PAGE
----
By Gary Singh
THE CIRCUS that is the Little Saigon debate isn't going away, and people are still congregating in front of City Hall every Tuesday to protest San Jose City Councilmember Madison Nguyen because she and others voted to rename a part of Story Road "Saigon Business District" instead of "Little Saigon."
Since the entire scenario is bordering on surreal, I have to suggest a solution that will satisfy everyone: just rename the street Madison Avenue.
We're talking about the stretch of Story Road that runs from Highway 101 all the way to Senter Road, which is a grand esplanade if ever there was one, and since this area has a baffling tradition of naming streets after politicians who are still alive, it shouldn't be a problem.
But in order to reassure myself that such a progressive idea makes sense, I conjured up the urban blight exploration junkie once again and walked the entire length of the area in question, beginning at Story and Via Ferrari, which is just west of 101. A gorgeous industrial grade-A recycling plant began the journey.
The next breeze-by had to be the Story Road Animal Hospital, a neat-looking tiny hamlet of a building. It's old-school architecture at its jazziest. The yellow sign out on the sidewalk is one of those archaic traditional signs that just begs to be photographed. It stands there like royalty, with the hospital sign perpendicular to the slanting vertical pole. A black dog is standing on its hind legs, trying to climb the pole and get to a cat that sits on top of it. Many folks have documented and/or photographed old-school San Jose signs, but this one often gets lost among the nearby Asian shopping malls, empty retail buildings and graffiti-laden placards. It rules. And the building has paw imprints painted all along the edge of the roof.
As the journey proceeds westward even further, the junkie then comes to the crossroads of Story and McLaughlin—one of those legendary congested East Side intersections where at least five cars run the red light in every direction to avoid getting stuck in a second or third cycle. And don't even get me started on the clowns who consistently try and make U-turns on McLaughlin when there's obviously not enough room. You can stand there and count the people who end up driving over the curb.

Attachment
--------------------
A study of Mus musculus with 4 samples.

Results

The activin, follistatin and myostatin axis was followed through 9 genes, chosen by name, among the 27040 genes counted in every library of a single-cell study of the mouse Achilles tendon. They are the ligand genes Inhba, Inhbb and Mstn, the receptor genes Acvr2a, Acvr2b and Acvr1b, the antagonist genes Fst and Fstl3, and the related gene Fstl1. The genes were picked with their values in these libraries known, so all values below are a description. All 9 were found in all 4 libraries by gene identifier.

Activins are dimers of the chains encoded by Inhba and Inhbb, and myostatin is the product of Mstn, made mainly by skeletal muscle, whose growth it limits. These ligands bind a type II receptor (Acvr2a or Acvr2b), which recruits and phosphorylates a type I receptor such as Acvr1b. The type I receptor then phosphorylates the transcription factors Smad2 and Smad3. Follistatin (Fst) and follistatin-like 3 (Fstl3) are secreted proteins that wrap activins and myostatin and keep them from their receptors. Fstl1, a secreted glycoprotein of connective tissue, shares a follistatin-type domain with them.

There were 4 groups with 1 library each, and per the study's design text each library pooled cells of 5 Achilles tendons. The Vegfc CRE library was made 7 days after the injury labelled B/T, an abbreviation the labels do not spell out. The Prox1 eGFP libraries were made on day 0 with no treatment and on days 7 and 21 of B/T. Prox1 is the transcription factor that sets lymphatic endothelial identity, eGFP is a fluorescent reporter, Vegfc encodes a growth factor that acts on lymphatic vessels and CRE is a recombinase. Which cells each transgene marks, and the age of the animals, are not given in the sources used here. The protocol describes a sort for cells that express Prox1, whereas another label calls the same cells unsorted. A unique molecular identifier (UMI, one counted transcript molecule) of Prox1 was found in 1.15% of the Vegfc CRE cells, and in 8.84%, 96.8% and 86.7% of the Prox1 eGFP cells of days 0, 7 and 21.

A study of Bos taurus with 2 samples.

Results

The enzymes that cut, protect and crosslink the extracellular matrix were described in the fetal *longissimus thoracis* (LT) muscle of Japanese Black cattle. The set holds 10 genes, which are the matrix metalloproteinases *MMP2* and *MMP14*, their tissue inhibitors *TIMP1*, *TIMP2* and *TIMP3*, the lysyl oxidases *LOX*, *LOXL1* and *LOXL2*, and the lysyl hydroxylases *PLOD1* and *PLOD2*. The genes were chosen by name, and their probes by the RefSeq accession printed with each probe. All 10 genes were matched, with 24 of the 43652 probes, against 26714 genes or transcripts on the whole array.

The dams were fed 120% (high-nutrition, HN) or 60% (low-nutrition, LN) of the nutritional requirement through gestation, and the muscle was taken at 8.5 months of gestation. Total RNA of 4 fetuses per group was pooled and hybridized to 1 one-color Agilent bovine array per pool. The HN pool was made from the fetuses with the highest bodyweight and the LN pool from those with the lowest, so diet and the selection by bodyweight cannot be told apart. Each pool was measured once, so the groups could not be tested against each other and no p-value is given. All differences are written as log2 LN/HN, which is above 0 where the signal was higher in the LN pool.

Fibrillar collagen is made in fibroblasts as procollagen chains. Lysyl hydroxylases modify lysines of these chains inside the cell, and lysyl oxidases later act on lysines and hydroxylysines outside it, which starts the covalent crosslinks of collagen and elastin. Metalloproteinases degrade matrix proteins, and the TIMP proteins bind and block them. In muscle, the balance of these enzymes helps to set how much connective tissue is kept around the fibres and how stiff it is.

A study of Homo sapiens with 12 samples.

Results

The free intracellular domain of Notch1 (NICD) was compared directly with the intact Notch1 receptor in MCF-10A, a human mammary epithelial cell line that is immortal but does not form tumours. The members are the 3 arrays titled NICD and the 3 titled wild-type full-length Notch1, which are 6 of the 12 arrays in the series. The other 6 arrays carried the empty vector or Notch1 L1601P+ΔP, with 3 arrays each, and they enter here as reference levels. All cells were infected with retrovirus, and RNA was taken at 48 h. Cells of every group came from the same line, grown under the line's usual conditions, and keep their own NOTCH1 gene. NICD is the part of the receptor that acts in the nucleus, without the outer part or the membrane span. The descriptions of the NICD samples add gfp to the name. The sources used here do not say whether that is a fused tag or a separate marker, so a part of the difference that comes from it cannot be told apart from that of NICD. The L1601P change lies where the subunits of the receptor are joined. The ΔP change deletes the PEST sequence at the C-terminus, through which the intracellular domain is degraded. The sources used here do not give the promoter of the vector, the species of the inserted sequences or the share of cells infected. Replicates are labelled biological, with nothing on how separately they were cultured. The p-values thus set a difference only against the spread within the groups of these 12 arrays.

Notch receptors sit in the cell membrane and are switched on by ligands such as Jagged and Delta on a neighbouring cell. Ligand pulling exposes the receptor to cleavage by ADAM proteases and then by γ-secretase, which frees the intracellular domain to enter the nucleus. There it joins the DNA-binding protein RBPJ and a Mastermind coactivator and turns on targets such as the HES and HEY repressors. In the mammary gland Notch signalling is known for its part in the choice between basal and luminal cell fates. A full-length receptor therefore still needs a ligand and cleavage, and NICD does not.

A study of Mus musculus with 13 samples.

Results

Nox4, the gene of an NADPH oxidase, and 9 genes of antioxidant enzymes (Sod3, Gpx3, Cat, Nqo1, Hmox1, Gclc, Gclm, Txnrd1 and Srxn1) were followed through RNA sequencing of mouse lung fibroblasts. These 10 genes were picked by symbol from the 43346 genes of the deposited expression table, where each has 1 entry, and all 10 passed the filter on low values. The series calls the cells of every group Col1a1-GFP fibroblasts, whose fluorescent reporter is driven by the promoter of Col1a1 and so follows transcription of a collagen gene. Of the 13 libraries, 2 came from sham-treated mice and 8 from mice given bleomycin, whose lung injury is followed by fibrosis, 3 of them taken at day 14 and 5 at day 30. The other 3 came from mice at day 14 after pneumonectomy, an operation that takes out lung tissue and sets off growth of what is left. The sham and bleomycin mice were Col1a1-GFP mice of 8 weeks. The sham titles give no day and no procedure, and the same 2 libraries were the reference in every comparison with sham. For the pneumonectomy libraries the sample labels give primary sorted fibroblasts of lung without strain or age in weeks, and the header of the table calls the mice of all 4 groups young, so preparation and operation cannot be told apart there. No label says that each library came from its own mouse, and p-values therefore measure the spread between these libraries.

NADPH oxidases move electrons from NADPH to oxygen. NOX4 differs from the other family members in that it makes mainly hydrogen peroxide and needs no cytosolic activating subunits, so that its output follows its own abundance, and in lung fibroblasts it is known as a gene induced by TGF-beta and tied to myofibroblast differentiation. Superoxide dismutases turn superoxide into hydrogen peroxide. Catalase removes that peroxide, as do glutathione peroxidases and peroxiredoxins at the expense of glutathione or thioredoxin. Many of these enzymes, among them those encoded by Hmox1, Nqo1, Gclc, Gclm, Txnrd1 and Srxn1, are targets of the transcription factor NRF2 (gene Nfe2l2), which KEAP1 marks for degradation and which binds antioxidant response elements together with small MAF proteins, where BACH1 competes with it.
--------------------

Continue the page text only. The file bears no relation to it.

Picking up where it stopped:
There are good things about this intersection, though. We have three liquor stores, a Save Mart, a Burger King, a bunch of killer Vietnamese and Mexican stuff and a barber shop right next to a place that says, "Cleaners. Alterations. Libreria Christiana." I guess you can get both your suit tailored and your Biblical fix in the same place.
But the journey couldn't stop there. Continuing westward, one finds the Grand Century Shopping Mall, which is Vietnam central—an awesome place to hang out. The food court is a thoroughly rocking place. Right across the street, one finds the now-ubiquitous Lee's Sandwich shop with a noble, imposing sign that says, "Got hot baguette."
And one couldn't possibly traverse this length of road without mentioning the KLIV/KRTY building that sits right in the middle of it all. This recently replaced what used to be a decades-old landmark radio building. You can look up the photos.
As the urban blight exploration junkie reaches the end of this now hotly contested stretch of Story Road, he then passes the Taco Bell at Roberts Avenue and crosses to a green meadow which is basically a fenced-off landfill on the other side of the creek from the sheep at the Happy Hollow Zoo. Man, what a stretch of road. The entire thing is a grand, majestic, all-inclusive, distinguished promenade worthy of being renamed Madison Avenue. This is the future of San Jose, right here and now.